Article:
The Trip to Bountiful
nytheatre.com review by Martin Denton
December 3, 2005
Signature Theatre Company has mounted a lovely, immensely satisfying, and (as far as I can tell) just about flawless revival of Horton Foote's play The Trip to Bountiful. Everything about the production, from the nuanced performances to the sensitive (but not sentimental) direction to the superbly evocative design bespeaks great care, respect, and attention for a play that most of us aren't too familiar with. At $15 apiece (as they are priced through the beginning of January), tickets for Bountiful are indisputably one of the great bargains in NYC theatre.
The play, which was written in 1953, tells the story of Mrs. Carrie Watts, a widow living with her son, Ludie, and his wife, Jessie Mae, in their cramped three-bedroom apartment in Houston. Ludie, employed in some nameless office job, is just getting by: the combination of a recent illness that kept him out of work for two years and his own listless lack of ambition/suitability for desk work have made him less of a success than he or his relatives had hoped for. Jessie Mae doesn't work; doesn't do much of anything, actually, except flit around their tiny home, hovering over her mother-in-law, who cooks and does most of the household chores. The two women do not get along: specifically, Jessie Mae abhors Carrie's hymn-singing (which is the devout Mrs. Watts's one great solace in life), her running around when walking would do, and her "pouting," which really amounts to tuning out Jessie Mae's nagging.
Of greater concern is Mrs. Watts's propensity for running away from home. Feeling pretty much imprisoned in the claustrophobic apartment, Carrie longs for the pastoral environment of her youth, in her hometown of Bountiful, about three hours away by car but—under the present circumstances—as distant as the moon. Nevertheless, every so often Mrs. Watts takes it into her head to try to make her way back to Bountiful. Ludie and Jessie Mae have always caught up with her at the train station, but this time, she decides to take the bus. She's able to elude her son and daughter-in-law at the Houston bus station, and before long she is at long last on her way, heading to Bountiful after two decades away.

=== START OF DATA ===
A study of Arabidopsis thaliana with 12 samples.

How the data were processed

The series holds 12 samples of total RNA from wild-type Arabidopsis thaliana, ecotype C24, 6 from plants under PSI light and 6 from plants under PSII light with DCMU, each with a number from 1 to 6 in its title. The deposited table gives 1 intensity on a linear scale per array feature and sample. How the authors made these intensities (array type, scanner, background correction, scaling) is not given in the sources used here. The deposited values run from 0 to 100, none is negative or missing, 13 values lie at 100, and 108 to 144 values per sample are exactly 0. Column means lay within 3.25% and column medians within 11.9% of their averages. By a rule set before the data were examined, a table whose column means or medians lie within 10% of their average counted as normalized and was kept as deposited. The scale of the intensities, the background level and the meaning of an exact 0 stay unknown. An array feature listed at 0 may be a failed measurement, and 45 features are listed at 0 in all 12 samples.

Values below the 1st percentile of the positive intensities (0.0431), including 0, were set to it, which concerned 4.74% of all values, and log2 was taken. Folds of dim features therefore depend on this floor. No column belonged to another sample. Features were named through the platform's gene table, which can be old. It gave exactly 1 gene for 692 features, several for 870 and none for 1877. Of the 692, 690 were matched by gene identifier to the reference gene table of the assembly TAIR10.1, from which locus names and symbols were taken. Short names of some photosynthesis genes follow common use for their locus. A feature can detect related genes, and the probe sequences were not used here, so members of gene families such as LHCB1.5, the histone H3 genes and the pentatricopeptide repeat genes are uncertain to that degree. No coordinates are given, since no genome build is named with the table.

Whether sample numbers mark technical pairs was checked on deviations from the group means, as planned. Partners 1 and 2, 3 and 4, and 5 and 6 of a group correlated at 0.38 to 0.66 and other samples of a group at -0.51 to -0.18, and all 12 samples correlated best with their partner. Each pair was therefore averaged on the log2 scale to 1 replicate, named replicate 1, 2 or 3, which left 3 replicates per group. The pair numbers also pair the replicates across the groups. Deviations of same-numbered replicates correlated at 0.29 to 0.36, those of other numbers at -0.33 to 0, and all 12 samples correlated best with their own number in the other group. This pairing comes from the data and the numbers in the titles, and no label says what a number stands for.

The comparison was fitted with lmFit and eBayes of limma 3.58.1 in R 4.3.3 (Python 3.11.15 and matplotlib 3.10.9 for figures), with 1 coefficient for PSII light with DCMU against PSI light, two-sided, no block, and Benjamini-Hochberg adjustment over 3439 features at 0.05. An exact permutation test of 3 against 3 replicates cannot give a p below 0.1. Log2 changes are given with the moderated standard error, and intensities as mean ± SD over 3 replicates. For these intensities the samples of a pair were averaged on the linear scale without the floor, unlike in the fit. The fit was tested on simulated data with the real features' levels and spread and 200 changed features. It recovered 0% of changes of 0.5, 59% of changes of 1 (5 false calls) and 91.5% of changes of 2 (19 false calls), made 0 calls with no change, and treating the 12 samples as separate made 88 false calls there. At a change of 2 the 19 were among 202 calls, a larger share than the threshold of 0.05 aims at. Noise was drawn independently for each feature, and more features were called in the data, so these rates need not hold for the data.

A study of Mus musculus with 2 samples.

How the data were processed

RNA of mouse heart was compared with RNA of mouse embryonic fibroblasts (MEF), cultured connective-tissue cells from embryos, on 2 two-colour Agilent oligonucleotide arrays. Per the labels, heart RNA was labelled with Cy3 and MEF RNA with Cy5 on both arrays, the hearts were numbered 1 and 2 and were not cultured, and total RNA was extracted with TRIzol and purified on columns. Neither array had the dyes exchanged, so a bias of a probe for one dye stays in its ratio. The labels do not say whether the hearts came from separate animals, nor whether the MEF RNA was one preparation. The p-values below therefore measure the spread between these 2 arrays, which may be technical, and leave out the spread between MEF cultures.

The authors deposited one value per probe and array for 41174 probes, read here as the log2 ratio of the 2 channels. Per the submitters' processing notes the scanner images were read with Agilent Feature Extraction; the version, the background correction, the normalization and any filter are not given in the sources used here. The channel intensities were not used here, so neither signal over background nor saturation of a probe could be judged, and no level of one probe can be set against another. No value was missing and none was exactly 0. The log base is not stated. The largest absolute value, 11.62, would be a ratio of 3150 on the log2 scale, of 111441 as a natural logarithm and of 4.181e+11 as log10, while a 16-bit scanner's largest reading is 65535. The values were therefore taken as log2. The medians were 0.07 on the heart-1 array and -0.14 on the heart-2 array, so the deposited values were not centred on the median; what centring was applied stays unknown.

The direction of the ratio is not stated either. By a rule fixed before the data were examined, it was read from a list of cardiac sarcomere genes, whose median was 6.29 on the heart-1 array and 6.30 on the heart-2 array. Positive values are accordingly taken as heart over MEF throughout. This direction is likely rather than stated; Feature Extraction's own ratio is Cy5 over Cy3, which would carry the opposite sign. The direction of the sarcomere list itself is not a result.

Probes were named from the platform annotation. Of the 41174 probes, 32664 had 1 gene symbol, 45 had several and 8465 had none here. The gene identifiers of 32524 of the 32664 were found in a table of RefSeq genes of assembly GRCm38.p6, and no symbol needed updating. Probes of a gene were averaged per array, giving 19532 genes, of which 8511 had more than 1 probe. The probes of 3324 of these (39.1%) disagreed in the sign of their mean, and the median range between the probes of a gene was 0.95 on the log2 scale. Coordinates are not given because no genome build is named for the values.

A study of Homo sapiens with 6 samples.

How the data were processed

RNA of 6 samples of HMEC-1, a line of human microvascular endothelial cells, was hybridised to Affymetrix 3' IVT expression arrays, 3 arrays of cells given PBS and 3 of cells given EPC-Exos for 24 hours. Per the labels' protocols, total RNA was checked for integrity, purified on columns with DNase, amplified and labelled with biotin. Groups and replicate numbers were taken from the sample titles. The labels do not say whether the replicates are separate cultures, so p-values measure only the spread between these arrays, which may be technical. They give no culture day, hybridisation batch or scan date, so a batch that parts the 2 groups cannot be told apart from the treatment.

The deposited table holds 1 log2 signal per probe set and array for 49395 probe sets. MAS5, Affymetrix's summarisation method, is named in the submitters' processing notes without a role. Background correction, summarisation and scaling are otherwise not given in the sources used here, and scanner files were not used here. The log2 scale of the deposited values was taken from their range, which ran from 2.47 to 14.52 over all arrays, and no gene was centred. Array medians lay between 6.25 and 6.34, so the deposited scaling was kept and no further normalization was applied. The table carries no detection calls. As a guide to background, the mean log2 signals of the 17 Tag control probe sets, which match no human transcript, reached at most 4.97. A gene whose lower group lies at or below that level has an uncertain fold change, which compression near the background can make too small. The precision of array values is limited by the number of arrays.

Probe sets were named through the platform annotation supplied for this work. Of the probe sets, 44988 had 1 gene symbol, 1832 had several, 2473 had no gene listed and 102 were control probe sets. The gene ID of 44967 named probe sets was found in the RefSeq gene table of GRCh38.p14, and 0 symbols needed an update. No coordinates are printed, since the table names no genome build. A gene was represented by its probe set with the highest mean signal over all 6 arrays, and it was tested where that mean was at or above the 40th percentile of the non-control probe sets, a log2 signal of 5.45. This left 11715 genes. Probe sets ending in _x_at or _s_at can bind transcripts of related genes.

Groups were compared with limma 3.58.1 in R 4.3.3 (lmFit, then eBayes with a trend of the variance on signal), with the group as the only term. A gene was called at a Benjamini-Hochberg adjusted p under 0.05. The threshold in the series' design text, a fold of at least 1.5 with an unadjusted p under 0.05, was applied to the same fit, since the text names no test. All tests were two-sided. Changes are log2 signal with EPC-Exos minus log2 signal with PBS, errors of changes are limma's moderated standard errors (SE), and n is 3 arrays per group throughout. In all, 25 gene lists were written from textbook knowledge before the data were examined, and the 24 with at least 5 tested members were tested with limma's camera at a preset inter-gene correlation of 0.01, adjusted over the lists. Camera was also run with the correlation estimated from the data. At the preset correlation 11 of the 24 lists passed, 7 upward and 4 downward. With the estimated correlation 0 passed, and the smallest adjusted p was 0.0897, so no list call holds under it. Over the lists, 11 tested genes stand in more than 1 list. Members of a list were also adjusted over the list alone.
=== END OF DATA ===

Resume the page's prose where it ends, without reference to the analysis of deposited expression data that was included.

The play, with deft economy, charts the situation, the trip, and what happens when Mrs. Watts get there. I hate to spoil things by giving away the details, so suffice to say that on the way to Bountiful, Mrs. Watts meets up with a very kind-hearted and polite young woman named Thelma who offers a good deal of support and company on her journey; and that when she finally arrives at the Harrison bus station (for no buses go in to Bountiful anymore, the town having receded in size since Carrie's time there), the adventure is only just beginning for Mrs. Watts. In the end, it starts to look like Wolfe was right, you can't go home again; and then it appears that perhaps you can—indeed, perhaps you must. This quixotic trip supplies something like the life force for both Carrie and her son: the cure, when you lose your way, is to remember where you came from.
What's beautiful about Foote's writing is the careful layering of details to reveal, oh so eloquently, a character and a way of life that is quintessentially American. Almost in passing, we're called upon to consider the tragic consequences of urbanization to an agrarian people; the uselessness that comes with leisure, privilege, and boredom; the congenial but ultimately entirely detached attitude of a populace whose twin credos are to Love Thy Neighbor and to Mind Their Own Business.
The details of the play's time, place, and mores are artfully evoked by Martin Pakledinaz's always-on-target costumes, E. David Cosier's naturalistic sets, and John McKernon's similarly realistic lighting. Under Harris Yulin's excellent direction, the entire ensemble feels spot-on, from the roughhewn, plain-spoken station agents of Frank Girardeau, Gene Jones, and Sam Kitchin to the weathered, reticent Sheriff of Jim Demarse to the helpful but reserved Thelma of Meghan Andrews. In the three principal roles, Lois Smith (Mrs. Watts), Devon Abner (Ludie), and Hallie Foote (Jessie Mae) do splendid work, showing us the complexities of these characters with conviction and depth. Smith anchors her portrayal with tenacity, resourceful, and strength; the luxuries of emotions like love and warmth only emerge sparingly, as in the gorgeous final scene when she has a climactic and cathartic talk with her son. Abner builds Ludie's character slowly and steadily, blossoming at last in that same final scene. Foote, the playwright's daughter and interpreter non pareil, gets right to the heart of Jessie Mae, letting us see the good as well as the shallow foolishness of this well-meaning but mostly empty woman.
It is, in sum, about as perfect a production as one could wish for; kudos to everyone involved for bringing Foote's play—surprisingly sturdy and resonant despite its intimacy and specificity—to such vivid life for contemporary audiences. In this Signature production, The Trip to Bountiful proves as fertile, generous, and lush a theatrical experience as its title promises.